With just about 15 minutes or so left in its 120-minute running time, Mary Shelley comes alive. We’ve dispensed with the rote upbringing, finally moved past the surprisingly dull courtship and long-term companionship with Percy Shelley, and suffered various societal and economic indignities. Now, at last, we have arrived at the moment of conception — the birth of Frankenstein; or, The Modern Prometheus. Little time, sadly, is spent on the actual writing of the book. But watching what came after — a sour-grapes-ish judgment from Percy, rejection from publishers, and, finally, “anonymous” authorship and critical and commercial success — is utterly fascinating. A scene set in her father’s bookstore featuring beard-y gentlemen praising the text leads to an appropriate romantic reunion, and then … Mary Shelley is over, save some end notes explaining the author’s fate.
The problem with Haifaa Al Mansour’s follow-up to the lovely Wadjda — noteworthy as the first feature-length film from a female Saudi Arabian director — is everything that comes before this final stretch. The relationship between Mary (Elle Fanning) and Percy Shelley (Douglas Booth) has been the subject of much mythologizing, and the details are of course fascinating. In Mary Shelley, however, it is a relatively passionless union. Fanning and Booth do their best with a weak script and ho-hum direction.
The script and direction lack enthusiasm from the very start. As Mary Shelley begins, our heroine lives with her author turned bookseller father, William Godwin (Stephen Dillane), a snooty stepmother (Joanne Froggatt), and her loving stepsister, Claire (Bel Powley). Mary has begun to experiment with writing, and gravitates toward darker fare. Indeed, there is some darkness in her past; Mary’s mother, Mary Wollstonecraft, died after giving birth to her. Soon, she is sent off to Scotland and it is here that she meets the poet Percy Shelley. Once Mary is back in London, Percy surprisingly appears at the family’s bookstore. Their romance has several notable snags, from Percy’s marriage status (!) to the upset of Mary’s father.
But the coupling is not to be thwarted, and with Claire in tow, they strike out on their own. This section, more than any other, deflates the film. There is simply no lust here, and above all, no weirdness. A story as bold and thematically complex as Frankenstein deserves a creation tale as whacked-out as its own story. The infamous summer spent at Lord Byron’s estate is a fine example of what doesn’t work here. Byron (Tom Sturridge, going way over the top) is a cad of the first degree, and his chateau is something of an ongoing party. This is where the concept for Frankenstein was solidified, but in the film, that element is barely touched upon. Only near the end does Mary Shelley properly focus on the author’s mightiest achievement.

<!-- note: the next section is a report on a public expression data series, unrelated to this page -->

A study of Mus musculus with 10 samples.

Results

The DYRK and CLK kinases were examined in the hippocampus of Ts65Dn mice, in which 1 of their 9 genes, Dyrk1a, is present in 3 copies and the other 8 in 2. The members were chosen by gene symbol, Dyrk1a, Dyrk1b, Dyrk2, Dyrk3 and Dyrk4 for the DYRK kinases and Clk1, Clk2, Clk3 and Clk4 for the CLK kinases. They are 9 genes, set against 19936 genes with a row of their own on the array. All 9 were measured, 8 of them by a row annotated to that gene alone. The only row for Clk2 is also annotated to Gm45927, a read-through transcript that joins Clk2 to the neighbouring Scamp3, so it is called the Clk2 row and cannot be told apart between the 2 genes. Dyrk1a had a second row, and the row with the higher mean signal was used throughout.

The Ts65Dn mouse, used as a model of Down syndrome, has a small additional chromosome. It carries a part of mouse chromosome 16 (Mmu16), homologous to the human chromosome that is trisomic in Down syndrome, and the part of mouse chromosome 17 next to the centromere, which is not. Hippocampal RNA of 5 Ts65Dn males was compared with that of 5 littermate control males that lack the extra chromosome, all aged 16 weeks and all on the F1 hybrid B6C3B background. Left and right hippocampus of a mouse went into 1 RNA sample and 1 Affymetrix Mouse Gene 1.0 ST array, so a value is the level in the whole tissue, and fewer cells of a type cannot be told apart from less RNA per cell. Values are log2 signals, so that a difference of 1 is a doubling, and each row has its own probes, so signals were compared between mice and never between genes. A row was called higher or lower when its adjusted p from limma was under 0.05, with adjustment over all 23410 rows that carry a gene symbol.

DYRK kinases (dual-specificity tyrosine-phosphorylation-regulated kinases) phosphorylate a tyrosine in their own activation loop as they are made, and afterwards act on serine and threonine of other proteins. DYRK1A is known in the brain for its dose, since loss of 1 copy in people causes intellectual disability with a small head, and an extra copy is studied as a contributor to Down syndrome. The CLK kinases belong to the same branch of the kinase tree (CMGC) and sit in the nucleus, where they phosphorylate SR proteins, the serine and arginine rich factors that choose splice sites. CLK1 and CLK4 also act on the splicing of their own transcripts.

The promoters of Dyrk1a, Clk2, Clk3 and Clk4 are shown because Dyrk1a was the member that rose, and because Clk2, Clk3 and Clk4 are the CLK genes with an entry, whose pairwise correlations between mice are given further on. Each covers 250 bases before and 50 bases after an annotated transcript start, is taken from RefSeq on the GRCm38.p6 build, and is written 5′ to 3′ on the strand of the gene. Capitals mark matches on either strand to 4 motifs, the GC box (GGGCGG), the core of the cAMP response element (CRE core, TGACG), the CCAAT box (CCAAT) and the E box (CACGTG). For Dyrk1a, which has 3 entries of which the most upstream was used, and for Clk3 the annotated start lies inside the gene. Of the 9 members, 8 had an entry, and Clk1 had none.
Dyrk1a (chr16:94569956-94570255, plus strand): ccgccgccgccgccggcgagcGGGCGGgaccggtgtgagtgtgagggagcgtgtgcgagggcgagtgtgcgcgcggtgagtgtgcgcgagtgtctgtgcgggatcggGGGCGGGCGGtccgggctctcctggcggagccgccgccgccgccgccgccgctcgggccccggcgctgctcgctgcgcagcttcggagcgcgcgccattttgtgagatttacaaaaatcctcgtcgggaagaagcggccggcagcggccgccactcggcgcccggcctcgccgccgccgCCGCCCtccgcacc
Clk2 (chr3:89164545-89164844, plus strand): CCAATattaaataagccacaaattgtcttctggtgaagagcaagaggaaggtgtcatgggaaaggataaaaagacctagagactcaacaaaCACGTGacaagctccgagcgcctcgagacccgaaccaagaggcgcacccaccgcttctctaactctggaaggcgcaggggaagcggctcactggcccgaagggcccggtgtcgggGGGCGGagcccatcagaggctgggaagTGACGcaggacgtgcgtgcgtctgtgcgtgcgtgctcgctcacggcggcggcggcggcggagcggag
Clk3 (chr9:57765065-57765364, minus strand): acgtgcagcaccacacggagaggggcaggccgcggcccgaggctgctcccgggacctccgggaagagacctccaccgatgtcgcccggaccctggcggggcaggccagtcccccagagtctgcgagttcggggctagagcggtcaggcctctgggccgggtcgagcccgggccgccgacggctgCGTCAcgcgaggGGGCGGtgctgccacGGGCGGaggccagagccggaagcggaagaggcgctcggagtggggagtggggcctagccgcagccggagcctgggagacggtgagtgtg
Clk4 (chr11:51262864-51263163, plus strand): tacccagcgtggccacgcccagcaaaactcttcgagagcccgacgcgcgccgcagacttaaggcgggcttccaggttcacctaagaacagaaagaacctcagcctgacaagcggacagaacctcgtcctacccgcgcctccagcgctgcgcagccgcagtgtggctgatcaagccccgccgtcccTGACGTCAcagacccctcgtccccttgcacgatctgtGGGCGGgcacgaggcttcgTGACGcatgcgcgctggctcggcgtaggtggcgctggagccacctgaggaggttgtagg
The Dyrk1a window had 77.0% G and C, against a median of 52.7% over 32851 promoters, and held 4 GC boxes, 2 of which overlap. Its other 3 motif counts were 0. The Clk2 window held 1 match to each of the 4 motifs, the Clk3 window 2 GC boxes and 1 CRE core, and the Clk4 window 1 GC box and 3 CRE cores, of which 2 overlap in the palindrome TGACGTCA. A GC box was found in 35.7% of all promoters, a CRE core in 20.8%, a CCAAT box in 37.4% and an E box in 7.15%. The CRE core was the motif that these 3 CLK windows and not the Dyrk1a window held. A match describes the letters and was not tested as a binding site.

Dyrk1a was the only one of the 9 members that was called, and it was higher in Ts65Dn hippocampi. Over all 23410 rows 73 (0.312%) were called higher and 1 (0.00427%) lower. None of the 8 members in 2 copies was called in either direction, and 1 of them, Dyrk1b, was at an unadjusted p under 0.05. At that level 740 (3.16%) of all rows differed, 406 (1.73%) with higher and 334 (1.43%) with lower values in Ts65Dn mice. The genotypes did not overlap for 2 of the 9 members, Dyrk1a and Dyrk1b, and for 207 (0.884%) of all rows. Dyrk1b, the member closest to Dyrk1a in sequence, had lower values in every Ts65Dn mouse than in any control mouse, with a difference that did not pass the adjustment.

Fanning is persuasive as the title character, but she’s not particularly memorable, moving too quickly from bored to restless to unhappy to unfulfilled to triumphant. It is a testament to Fanning’s inherent likability as an actor that we remain somewhat interested in her journey. The actress showed far more color in recent films like The Beguiled and 20th Century Women. Here, she’s going through the motions — until the end. In those aforementioned final moments, she and the movie have a genuine energy. It is then that the longing she felt, for expression and freedom, finally explodes into action. It’s a striking finale, and some of Fanning’s strongest work to date; the change in her expression when she realizes someone else is getting credit as Frankenstein’s anonymous author is priceless.
Douglas Booth, too, is a perennially likable performer, even in weak tea like The Limehouse Golem. But he’s an unconvincing Percy Shelley, never once displaying the depth of this tortured artist. Bel Powley (The Diary of a Teenage Girl) fares better than anyone as Mary’s stepsister, Claire. She’s the most colorful figure in the film, a third-wheel with a real sense of humor and a mischievous streak. It doesn’t seem right that a film about Mary Shelley is stolen by her stepsister, but that is indeed the case.
In the end, this drama is admirable in its attempt at shedding light on the creative process of one of the most essential writers in the history of literature, yet it is this process that’s most ignored. It is more than likely that the film will prove to be a footnote in the career of Haifaa Al Mansour and Elle Fanning. If we spent a little less time on Mary and Percy, and a bit more watching Mary actually create, the result may have been different. Sadly, Mary Shelley is just not alive.
Mary Shelley premiered at the Toronto International Film Festival and opens on May 25.